Letters Question Findings of Study on Zithromax Heart Problems

Some health care professionals are questioning the science behind a recent study that suggested side effects of Zithromax may increase the risk of cardiovascular death, while others indicate that the findings highlight a need for more antibiotic restraint in the medical community.

Following a May 2012 study published in the New England Journal of Medicine, a number of letters to the editor were published by the journal this month, from doctors, scientists and even a Pfizer employee who wrote to defend the drug.

Azithromycin, which is most commonly known by the brand name Zithromax or “Z Pak”, is a widely used antibiotic that is part of a class of medications known as macrolides. Other medications that are part of the same class have previously been associated with an increase in the risk of sudden death due to heart problems. 


Researchers looked at Tennessee Medicaid record that included more than 347,000 patients who took Zithromax or a generic equivalent, nearly 1.4 million who took no antibiotics, 1.3 million who took amoxicillin, 264,000 who took Cipro and 264,000 who took Levaquin.

The same day the study was released, the FDA issued a statement indicating that they were reviewing the data and evaluating the potential Zithromax heart problems. The medication already carries a heart rhythm warning, after the FDA investigated all macrolides due to the problem in 2011.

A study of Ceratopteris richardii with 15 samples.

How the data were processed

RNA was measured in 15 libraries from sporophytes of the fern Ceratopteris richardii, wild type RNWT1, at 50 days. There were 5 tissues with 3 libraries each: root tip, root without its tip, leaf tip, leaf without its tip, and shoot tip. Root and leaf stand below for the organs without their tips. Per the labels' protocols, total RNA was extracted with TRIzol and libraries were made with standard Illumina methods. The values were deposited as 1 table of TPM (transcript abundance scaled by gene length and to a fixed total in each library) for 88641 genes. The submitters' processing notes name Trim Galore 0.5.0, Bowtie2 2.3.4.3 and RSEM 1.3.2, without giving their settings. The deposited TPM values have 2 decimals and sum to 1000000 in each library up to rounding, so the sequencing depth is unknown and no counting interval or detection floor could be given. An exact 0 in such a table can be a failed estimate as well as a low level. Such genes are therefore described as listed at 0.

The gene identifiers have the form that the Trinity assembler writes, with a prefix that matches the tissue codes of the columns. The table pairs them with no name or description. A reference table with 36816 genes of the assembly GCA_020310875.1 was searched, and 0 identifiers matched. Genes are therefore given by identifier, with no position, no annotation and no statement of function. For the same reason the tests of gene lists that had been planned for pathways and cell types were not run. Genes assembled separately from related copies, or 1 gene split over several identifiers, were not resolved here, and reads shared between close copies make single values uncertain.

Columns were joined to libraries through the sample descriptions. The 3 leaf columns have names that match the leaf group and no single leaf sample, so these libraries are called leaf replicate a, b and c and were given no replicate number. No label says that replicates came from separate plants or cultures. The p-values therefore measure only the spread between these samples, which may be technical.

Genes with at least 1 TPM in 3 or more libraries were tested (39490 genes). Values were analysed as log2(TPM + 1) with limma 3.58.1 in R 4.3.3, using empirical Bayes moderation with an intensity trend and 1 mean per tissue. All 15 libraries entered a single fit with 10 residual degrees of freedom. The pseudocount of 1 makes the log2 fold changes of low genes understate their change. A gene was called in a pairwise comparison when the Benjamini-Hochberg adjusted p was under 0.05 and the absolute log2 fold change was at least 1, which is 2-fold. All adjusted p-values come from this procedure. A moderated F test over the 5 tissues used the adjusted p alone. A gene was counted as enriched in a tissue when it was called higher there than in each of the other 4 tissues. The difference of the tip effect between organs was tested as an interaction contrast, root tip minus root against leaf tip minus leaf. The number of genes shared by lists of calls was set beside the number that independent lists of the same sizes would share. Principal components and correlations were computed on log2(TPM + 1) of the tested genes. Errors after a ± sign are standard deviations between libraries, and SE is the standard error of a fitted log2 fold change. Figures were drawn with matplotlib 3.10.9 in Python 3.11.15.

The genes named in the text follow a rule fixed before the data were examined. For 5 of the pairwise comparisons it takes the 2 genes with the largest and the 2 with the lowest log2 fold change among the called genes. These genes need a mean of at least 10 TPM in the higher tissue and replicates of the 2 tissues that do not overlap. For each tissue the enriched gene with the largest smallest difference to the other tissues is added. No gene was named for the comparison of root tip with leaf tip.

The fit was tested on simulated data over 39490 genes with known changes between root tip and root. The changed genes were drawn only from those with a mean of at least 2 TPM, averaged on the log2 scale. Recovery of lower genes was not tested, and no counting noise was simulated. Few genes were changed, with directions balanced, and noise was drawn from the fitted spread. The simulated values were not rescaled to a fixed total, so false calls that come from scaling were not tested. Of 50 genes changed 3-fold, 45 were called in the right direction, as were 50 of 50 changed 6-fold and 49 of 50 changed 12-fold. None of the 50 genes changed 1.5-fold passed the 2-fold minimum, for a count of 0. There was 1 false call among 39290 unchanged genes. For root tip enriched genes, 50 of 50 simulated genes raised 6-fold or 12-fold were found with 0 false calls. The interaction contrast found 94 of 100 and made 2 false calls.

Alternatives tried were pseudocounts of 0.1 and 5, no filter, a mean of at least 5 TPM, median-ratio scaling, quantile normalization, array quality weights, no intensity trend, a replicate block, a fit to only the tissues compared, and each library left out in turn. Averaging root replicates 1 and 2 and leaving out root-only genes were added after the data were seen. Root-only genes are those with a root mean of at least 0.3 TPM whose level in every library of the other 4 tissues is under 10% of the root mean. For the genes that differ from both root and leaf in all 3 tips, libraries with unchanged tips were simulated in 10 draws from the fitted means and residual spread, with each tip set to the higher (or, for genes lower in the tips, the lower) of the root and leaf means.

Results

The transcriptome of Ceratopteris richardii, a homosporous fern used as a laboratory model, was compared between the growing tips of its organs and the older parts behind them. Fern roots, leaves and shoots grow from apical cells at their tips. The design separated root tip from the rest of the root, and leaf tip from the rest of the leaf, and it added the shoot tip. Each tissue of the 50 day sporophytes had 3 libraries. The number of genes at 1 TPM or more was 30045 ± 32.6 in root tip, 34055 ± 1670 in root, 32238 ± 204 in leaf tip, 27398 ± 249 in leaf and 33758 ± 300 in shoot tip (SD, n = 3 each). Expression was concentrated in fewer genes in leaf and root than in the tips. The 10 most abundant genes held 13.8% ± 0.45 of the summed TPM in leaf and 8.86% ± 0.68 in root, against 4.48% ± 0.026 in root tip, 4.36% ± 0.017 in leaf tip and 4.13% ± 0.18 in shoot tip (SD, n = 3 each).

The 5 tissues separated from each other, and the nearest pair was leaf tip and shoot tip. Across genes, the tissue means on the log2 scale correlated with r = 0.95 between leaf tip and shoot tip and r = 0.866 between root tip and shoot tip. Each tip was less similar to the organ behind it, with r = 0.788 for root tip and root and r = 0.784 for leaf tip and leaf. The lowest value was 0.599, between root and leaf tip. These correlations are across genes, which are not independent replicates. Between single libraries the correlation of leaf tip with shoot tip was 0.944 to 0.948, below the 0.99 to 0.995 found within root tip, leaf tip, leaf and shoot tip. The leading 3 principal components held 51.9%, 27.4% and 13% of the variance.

In last weeks issues of the New England Journal of Medicine five different Letters to the Editor were published in response to the study.

“Given the inherent weaknesses of observational studies, the excess deaths reported by Ray and colleagues may or may not have been due to azithromycin,” wrote Doctors Richard K. Albert,  John Connett and Prescott G. Woodruff in one of the letters. “Our randomized trial, however, indicated that long-term use of azithromycin had benefits that outweighed potential cardiovascular risks when patients at greatest risk were excluded and the QTc interval was monitored.”

Another letter written by Pfizer scientists noted that other studies failed to find an increase in the risk of heart problems and called on others to look at all of the studies on Zithromax safety.

Two Brazilian doctors noted that many of the Zithromax prescriptions recorded by the study were likely unnecessary, and pointed out that lives could have been saved if doctors used more restraint in prescribing it and other antibiotics.

The original researchers published a response to the letters, defending the science of their study in detail, and agreeing with those who called for more antibiotic use restraint.


  • JEANNEMarch 14, 2013 at 2:58 pm

    I have a heart condition already, so if my doctor knew that should she have put me on the zpack. I am also taking a high blood pressure beta blocker toprol xl along with diabeties medicine glipizide.